Maca (Lepidium peruvianum Chacon) is a root vegetable grown above 4000 metres in the Andes Mountains of Peru for at least 10,000 years. Grown free of chemicals and pesticides, it is still harvested by hand and dehydrated for consumption. It retains its strong restorative powers endowed by nature, rich in nutrients and minerals. Capable of revitalising and balancing the endocrine system, it allows men and women of all ages to embrace life to the full once more. Maca is an adaptogenic plant, which means that it works on the body according to the needs, age and gender of the person taking it. It is reputed to encourage the glands within the body to produce the needed hormones by balancing the pituitary-hypothalamus axis.
Consumers are warned that it can take different times to work (presumably because it works differently for different bodies). You must take enough, you must take it regularly, and the expensive stuff is the better stuff. A marketer's dream product.
If people are not getting results it is generally because they are not taking enough, so you must monitor yourself to see the best results.
At the very end of the brochure is the usual altie disclaimer:
All information given is only to be used as reference material for educational purposes only. In no way do we imply therapeutic claims. The products mentioned must never be represented as an approved treatment for any conditions mentioned and must never be used in lieu of professional advice for any condition.
So, if it doesn't have any effect on any of the conditions mentioned, why were they mentioned?
A search of the Cochrane database shows a few studies of Maca.
Effect of Lepidium meyenii (Maca), a root with aphrodisiac and fertility-enhancing properties, on serum reproductive hormone levels in adult healthy men: [...] In conclusion, treatment with Maca does not affect serum reproductive hormone levels.
Effect of Lepidium meyenii (MACA) on sexual desire and its absent relationship with serum testosterone levels in adult healthy men: [...] In conclusion, treatment with Maca improved sexual desire [but not levels of serum testosterone oroestradiol levels].
Effect of Lepidium meyenii (Maca), a root with aphrodisiac and fertility-enhancing propeties, on serum reproductive hormone levels in adult healthy men: [...] In conclusion, treatment with Maca does not affect serum reproductive hormone levels.
EoR also found one study on PubMed:
Lepidium peruvianum chacon restores homeostasis impaired by restraint stress: [...] Thus, it did not appear to affect restraint stress-induced immunosuppression.
There is also Red maca (Lepidium meyenii) reduced prostate size in rats which finds
Indeed, the data presented here show that Red Maca reduced ventral prostate size in normal adult rats and also in rats treated with testosterone enanthate. Hence, it is proposed that Red Maca may have important implications under pathological conditions of the prostate.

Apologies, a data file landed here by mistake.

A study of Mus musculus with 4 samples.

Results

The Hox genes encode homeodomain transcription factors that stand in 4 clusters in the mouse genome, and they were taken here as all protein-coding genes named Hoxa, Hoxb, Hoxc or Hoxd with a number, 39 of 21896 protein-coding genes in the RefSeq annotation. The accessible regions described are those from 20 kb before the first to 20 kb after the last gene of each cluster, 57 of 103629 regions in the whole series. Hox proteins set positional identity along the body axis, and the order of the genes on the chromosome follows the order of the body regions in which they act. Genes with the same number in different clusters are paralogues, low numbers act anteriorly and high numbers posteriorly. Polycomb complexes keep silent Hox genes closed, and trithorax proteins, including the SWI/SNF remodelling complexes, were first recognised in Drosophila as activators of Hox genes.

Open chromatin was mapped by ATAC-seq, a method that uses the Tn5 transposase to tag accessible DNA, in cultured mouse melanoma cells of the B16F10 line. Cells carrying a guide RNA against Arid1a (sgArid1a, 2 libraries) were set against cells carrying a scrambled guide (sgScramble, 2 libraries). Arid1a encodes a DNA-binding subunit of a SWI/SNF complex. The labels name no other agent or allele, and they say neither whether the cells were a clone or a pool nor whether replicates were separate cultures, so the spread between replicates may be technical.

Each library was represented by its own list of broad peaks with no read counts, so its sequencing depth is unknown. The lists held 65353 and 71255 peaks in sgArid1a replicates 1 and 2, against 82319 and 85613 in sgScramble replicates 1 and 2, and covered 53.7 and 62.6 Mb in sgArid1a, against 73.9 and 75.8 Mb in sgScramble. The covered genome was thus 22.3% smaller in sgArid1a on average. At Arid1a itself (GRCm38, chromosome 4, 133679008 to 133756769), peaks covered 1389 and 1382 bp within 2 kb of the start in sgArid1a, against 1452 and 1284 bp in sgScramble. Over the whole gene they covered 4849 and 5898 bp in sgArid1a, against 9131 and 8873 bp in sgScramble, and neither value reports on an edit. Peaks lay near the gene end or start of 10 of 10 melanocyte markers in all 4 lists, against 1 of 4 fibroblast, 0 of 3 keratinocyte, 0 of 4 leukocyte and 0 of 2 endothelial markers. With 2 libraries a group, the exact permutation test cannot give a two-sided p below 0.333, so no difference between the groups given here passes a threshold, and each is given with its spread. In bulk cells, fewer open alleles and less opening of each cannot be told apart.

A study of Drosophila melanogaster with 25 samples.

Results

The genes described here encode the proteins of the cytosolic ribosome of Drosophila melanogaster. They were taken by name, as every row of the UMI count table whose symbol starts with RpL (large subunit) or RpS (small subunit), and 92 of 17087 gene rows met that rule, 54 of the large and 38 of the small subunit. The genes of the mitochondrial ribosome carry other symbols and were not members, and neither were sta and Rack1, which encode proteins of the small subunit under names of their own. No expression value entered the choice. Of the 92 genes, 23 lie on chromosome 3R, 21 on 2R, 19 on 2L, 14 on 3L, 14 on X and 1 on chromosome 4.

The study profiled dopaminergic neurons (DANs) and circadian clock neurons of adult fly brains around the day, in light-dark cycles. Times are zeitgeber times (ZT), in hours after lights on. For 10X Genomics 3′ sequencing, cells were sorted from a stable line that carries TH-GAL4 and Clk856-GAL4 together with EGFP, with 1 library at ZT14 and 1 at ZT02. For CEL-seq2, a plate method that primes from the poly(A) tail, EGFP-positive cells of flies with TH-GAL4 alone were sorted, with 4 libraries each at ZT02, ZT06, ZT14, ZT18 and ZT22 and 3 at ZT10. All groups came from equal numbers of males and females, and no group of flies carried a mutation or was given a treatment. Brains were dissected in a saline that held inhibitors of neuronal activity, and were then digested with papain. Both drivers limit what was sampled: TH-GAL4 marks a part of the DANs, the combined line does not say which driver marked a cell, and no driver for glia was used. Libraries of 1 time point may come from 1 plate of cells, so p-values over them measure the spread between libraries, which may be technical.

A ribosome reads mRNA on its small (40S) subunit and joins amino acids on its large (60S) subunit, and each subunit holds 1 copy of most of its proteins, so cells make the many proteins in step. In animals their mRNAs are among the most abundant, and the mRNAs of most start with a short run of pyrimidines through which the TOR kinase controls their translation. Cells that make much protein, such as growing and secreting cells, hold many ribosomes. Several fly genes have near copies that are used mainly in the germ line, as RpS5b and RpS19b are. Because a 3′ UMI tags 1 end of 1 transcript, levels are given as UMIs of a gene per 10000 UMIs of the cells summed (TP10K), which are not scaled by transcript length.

Despite these less than impressive results (though the prostate finding may be of use if it also carries across to humans), Maca is touted as The Nutritional Supplement of the Millennium.
MACA is recommended as a nutritional supplement due to its contents of minerals, chemical compounds, vitamins, proteins, carbohydrates, tannins, alkaloids, etc... It has been discovered that MACA favors the calcification process in the bones, stimulates the formation and maturation of the red blood cells, strengthens the immune system, stimulates the reproductive system for both men and women, relieves symptoms caused by PMS, acts as a hormone replacement, and can be utilized as a co-assistant for infirmities of malnutrition, osteoporosis, AIDS, tuberculosis, etc...
While Maca was recently in danger of extinction, this renewed interest in it has not come without its critics. The Peruvian farmers are critical of Big Altie Pharma's taking out patents and appropriating their product.
Argumedo is referring to a US patent held by PureWorld Botanicals, Inc., a New Jersey-based company that specializes in botanical extracts. PureWorld's patent on maca extract is not recognized in Peru, and thus does not currently prevent Peruvian people from growing, using or selling maca extracts. However, if PureWorld chooses to enforce its patent, the company could prevent maca extracts of Peruvian origin from being imported to the United States, or anywhere else the patent is recognized. PureWorld is already seeking patent rights in Australia, the European Patent Office, and at the World Intellectual Property Organization. In addition, the company has a second US patent application pending on maca extract (published April 11, 2002). Another US-based company, Biotics Research Corporation, holds a patent on maca and antler for augmenting testosterone levels.
More information, including references to other studies, can be found at the Health Encyclopedia.